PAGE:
First there was Marco Sturm. Then came Christian Ehrhoff and Marcel Goc, and most recently Thomas Greiss
. They’re among the most accomplished players in the history of German hockey, and each got his start in the NHL as a draft pick of the Sharks.
Now, 18-year-old defenseman Konrad Abeltshauser
– San Jose’s sixth-round draft pick last June – is hoping to add his name to that illustrious list.
“I would like to be one of them, the next that makes that step,” said the six-foot-five, 210-pounder, who is spending his holiday season competing for his native country at the World Junior Hockey Championship, which features the best Under-20 hockey players from 10 different nations. “When I was at the development camp, Thomas Greiss
took me out for dinner once so I got to chat with him a little bit. That was pretty nice.”
Abeltshauser said he has also had “little chit chats” with some of the other Germans with Shark roots. He said they’ve offered plenty of encouragement, telling him to “work hard and believe in your dreams and anything can happen.”
Unfortunately for Abeltshauser, he knows that one of his dreams – to advance to the quarterfinals of this year’s World Juniors – will not come true. The team arrived in Buffalo with high hopes because it was placed in the easier of the two groups of five. But in their first game, the Germans fell behind 4-0 to Switzerland halfway through the first period, and though they fought back to make a game of it, they still lost 4-3. They then lost another one goal game, 2-1 to Slovakia, before Finland defeated them 5-1. They ended the round robin being shut out 4-0 by Team USA and now must battle the likes of Norway to avoid being relegated back to the dreaded “B” pool.
“For me personal, I just want to help my team to stay in the ‘A’ pool and give the younger players the opportunity to play in the World Junior Championship like I did this year because it’s just an amazing feeling to play for your country and to play in such a big tournament,” said Abeltshauser. “So far it’s the biggest tournament of my life. I play against a lot of future NHL players so it’s pretty exciting, huge crowds, so yeah, very exciting. But it’s kind of hard. Sometimes it seems like we’re too good for the ‘B’ pool, but sometimes it’s just hard to stay in the ‘A’ pool for us. It’s tough because we beat these teams in the summer in Europe.”
Abeltshauser was born and raised in Bad Tolz, about an hour’s drive south of Munich. He said the city has an excellent hockey development program so it was an easy and natural progression for him to grow as a player, from his pre-teen years right up until he turned 17. Last year, he played on the German junior team that earned the berth at the World Juniors after being demoted in 2009. He had four assists and a plus-9 rating in five games in that tournament.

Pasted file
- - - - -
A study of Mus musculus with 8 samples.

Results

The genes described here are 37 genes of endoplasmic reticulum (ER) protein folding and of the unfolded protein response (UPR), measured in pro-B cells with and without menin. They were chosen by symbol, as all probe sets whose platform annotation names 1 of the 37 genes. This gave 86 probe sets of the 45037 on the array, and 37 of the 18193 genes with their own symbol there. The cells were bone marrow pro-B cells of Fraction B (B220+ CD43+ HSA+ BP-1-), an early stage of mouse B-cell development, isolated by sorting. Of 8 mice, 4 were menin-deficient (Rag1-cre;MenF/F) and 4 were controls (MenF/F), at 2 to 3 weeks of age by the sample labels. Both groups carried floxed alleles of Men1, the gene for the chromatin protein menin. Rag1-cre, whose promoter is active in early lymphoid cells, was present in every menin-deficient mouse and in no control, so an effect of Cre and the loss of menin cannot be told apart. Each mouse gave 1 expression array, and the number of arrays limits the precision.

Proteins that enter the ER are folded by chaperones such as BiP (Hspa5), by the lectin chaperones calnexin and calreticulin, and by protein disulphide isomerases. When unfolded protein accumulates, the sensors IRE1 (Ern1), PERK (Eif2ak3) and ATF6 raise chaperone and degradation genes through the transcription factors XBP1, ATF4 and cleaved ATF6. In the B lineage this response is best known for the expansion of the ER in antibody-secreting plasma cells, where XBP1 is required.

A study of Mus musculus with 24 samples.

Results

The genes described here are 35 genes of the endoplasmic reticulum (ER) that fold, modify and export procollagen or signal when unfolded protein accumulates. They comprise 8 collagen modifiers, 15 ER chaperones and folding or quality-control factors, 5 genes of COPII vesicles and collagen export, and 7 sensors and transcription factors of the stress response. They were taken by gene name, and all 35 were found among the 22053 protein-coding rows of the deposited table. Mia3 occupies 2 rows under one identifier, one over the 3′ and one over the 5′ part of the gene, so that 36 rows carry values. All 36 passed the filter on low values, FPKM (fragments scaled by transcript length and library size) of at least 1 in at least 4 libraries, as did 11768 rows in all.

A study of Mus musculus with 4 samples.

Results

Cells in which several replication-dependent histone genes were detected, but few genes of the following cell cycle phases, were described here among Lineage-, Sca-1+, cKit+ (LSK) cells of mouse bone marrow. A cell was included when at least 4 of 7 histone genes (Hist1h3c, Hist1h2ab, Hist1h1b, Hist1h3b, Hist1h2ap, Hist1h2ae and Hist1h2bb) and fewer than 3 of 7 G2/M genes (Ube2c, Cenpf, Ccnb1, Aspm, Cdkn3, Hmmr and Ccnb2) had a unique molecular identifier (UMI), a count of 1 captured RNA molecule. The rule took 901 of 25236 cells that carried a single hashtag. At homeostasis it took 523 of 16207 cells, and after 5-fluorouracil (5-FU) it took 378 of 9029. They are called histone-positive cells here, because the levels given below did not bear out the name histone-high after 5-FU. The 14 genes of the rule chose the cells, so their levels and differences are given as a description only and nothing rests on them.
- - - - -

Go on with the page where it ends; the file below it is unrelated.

After he was drafted by San Jose, Abeltshauser realized that he needed to take his development to a higher level than he could achieve domestically in his homeland. So this past fall he packed his bags and arrived in Halifax, on Canada’s Atlantic coast, having been drafted by the Mooseheads of the Quebec Major Junior Hockey League.
“It was a big journey for me, coming to a complete new environment, new house, new team, new food, everything. But I think I got the change to the North American lifestyle pretty good,” he said. “The language barrier wasn’t that big because I had English in school. But the hockey is so different and so much bigger here in North America than it is in Germany. The crowd is different here. The crowds are much bigger here but the crowd in Germany they make much more noise.”
Another reason the hockey is quite different is the size of the ice surface, which is much larger in Europe.
“You got less time to think. All your decisions have to be quicker. But on the other hand, you’re closer to the forwards, the gap is smaller so it’s easier for you. I think my game changed a lot. I’m more used to getting physical, like receiving checks and giving checks, because it’s not that hard, not that physical in Europe. But playing in the defensive end, you just have to play your game, so that’s what I try to do. (I want to become) a rushing defenseman, try to create offensive, but still be solid in defense and do my job.”
He’s done it quite well for Halifax so far this season, with three goals and 10 assists in 32 games.
Uwe Krupp, an assistant coach on the German team, who played for more than two decades in the NHL as a tall defenseman like Abeltshauser, said the youngster is on the right path.
“He’s one of our good young prospects. He took that step to go over to North America to play junior here and he’s developing nicely,” said Krupp.
After the World Juniors end, Abeltshauser will return to Halifax, but for the moment, he’s fully focused on the German team, and his role as an assistant captain.
“I try to give the other players my experience from playing in North America, help out the younger players and try to cheer them up. We’re still waiting for our first victory so we are still looking forward for that moment, the memory that we were the first (German) team in a while that stayed in the A pool, so the best memory is to come.”